THE QUIET CORNER

Is God well-served by ‘market religion’?


The commentator first alluded to religions that are handed down from above, that is, “established” religions like the Church of England in Britain, the Lutheran Church in Scandinavia, the old Congregational Church in Massachusetts or the Catholic Church in most of Southern Europe and Latin America.

The Islamic Church in the Arab world and Buddhism in old China and Hinduism in India would certainly fit into this category of “established” churches. For most of history, the faithful belonged only to these established churches, otherwise they were branded dissenters or non-conformists and were denied civil as well as ecclesiastical rights. One may recall the Pilgrims coming to Plymouth to escape the established Church of England or the Huguenots fleeing France to escape the firmly-entrenched Catholic Church. Formerly, believers did not select their religion; it was handed to them. Religion was part of the local culture and dissent violated both divine and public order. Governments enforced church attendance by levying fines (or worse) against anyone who failed to attend established Sabbath services. Attending services at the established church was an unquestioned duty. Those who missed services did so at great risk.

In the English-speaking world, mandatory attendance at the Anglican Church on the Sabbath was abolished in the late 1600s under the joint monarchy of William and Mary. Persons were no longer fined for refraining from Anglican worship on the Sabbath – although a lot of established church privileges were denied dissenters. (Catholics could not vote until 1829.) The first result of removing fines for failure to attend church was that church attendance dropped off dramatically. Sometimes freedom of religion meant that believers could neglect religion, that religion would no longer matter, no longer be part of their lifestyle, no longer determine their Sunday schedule.

The novel freedom of religion that was introduced under William and Mary would become the “market religion” that is now taken for granted in the United States. Roger Williams was truly ahead of his time when he began his lively experiment here in Rhode Island. While the new American federal government did not constitutionally establish any church, most colonies and later the states had established churches well into the 19th century. And civil rights were often denied to those who failed to conform. Now in our own day, freedom of religion is an unassailable American civil right. Religion has become a commodity, a product in the market place, which believers are free to choose or not to choose, to support or not to support, to embrace or to reject. To gainsay this notion of America’s prized market place religion would certainly be civic heresy. Freedom of religion is one of the pillars of American society. But are God and his revelation and his providence served well by “market religion”?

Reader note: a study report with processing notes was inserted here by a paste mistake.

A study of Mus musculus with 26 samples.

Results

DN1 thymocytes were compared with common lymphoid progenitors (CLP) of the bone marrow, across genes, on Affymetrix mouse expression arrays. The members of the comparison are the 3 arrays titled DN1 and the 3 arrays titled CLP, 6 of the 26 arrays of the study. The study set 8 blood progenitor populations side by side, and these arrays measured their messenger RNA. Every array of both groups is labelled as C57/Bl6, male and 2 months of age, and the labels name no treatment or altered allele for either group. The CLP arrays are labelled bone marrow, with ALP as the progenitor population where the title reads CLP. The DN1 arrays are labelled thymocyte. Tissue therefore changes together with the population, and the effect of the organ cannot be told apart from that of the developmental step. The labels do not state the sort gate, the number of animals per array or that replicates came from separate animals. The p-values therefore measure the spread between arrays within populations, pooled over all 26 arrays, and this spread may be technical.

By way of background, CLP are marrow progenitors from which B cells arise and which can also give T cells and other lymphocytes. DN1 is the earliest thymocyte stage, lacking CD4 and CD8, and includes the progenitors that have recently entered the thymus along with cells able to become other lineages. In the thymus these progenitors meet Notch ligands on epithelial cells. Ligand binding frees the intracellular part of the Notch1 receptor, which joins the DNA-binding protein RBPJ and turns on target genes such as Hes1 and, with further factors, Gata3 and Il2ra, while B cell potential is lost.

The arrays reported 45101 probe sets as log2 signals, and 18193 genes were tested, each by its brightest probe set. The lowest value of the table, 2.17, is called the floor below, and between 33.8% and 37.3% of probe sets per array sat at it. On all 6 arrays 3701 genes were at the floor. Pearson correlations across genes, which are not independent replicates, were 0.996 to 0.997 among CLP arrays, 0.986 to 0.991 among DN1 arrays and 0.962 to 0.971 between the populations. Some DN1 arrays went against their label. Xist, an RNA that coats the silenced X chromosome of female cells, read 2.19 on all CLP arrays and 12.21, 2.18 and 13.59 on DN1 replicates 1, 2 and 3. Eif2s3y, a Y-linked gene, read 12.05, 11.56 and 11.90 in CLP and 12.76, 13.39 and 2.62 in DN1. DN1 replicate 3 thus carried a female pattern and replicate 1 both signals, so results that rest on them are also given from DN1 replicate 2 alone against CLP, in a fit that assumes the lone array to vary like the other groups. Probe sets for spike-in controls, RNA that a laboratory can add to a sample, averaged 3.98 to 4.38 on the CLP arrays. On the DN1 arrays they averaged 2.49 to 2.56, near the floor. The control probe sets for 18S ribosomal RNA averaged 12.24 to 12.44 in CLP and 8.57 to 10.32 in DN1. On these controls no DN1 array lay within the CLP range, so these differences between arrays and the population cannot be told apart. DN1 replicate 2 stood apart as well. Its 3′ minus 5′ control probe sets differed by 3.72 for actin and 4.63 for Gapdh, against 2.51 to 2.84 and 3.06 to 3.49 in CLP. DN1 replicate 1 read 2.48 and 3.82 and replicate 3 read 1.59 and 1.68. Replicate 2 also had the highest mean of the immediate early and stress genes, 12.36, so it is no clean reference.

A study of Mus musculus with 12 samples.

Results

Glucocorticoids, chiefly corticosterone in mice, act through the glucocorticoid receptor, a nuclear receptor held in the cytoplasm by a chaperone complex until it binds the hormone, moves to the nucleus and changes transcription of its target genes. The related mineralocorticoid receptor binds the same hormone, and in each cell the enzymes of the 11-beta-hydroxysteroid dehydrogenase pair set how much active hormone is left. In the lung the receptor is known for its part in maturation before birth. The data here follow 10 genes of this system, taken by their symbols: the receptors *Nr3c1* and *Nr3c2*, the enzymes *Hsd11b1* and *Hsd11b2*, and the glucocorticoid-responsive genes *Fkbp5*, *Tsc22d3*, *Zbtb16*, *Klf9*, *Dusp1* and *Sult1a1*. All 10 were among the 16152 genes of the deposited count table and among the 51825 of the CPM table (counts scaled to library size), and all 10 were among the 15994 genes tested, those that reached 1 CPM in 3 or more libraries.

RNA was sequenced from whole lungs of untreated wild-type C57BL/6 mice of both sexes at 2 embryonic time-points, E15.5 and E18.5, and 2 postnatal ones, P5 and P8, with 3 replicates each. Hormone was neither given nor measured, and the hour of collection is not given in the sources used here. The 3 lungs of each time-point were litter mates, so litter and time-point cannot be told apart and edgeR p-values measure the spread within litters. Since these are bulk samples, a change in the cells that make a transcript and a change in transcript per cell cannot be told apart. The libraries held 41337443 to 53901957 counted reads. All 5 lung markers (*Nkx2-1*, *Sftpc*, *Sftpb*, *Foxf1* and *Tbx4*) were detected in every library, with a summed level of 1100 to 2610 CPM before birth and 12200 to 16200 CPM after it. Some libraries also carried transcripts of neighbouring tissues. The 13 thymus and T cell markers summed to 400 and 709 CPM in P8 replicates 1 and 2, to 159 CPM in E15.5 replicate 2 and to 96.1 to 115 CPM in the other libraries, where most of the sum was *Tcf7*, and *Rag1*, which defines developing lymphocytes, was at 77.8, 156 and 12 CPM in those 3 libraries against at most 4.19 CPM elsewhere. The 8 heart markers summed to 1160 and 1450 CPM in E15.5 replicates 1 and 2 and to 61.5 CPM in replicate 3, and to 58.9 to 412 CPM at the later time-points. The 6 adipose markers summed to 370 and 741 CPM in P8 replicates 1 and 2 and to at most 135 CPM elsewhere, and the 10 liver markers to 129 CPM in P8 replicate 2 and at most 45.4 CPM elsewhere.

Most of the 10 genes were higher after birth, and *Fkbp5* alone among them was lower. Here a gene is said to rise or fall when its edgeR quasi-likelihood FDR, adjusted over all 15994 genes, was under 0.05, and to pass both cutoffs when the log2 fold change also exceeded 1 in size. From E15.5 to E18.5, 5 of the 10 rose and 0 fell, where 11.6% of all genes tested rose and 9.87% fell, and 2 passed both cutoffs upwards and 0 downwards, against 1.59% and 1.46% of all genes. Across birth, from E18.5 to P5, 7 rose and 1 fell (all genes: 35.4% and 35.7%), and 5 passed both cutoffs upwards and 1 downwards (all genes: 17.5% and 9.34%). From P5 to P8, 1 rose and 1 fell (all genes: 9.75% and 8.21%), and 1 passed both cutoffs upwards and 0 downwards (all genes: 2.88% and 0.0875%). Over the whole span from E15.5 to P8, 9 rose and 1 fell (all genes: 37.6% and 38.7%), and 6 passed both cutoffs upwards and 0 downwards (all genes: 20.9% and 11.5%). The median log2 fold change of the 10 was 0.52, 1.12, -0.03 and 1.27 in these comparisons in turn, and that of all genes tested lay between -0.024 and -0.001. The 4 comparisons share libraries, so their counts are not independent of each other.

An authentic religion by its very nature is an established religion because God himself reveals it. Once God has revealed himself to mankind, man’s only valid choice is to make that religion, that revelation, his own. To do otherwise is to contradict the very idea of revealed truth. What the English- speaking world has inherited via the kindness of William and Mary is a fractured Christianity, a faith which embraces certain aspects of revelation and ignores other features.

Thus the Bible is embraced at the expense of the sacraments; preaching is favored to the detriment of sacrifice; the congregation is preferred to the priesthood; the church’s spiritual mediation is forsaken for individual access. Certainly today’s Catholic is not immune to this market place Christianity. Today’s Catholic will go to Mass on Sunday but never go to confession on Saturday. Baptism, first Communion and confirmation are prized events in Catholic life but contraception, cohabitation and divorce are frequent options. Some parishes are big on social justice; others are renowned for their piety. Angels, vigil lights and the blessing of rosary beads remain popular while sin, hell and a firm purpose of amendment are forgotten. The American government might not have a legally established religion. But God does. And believers ignore it at their peril.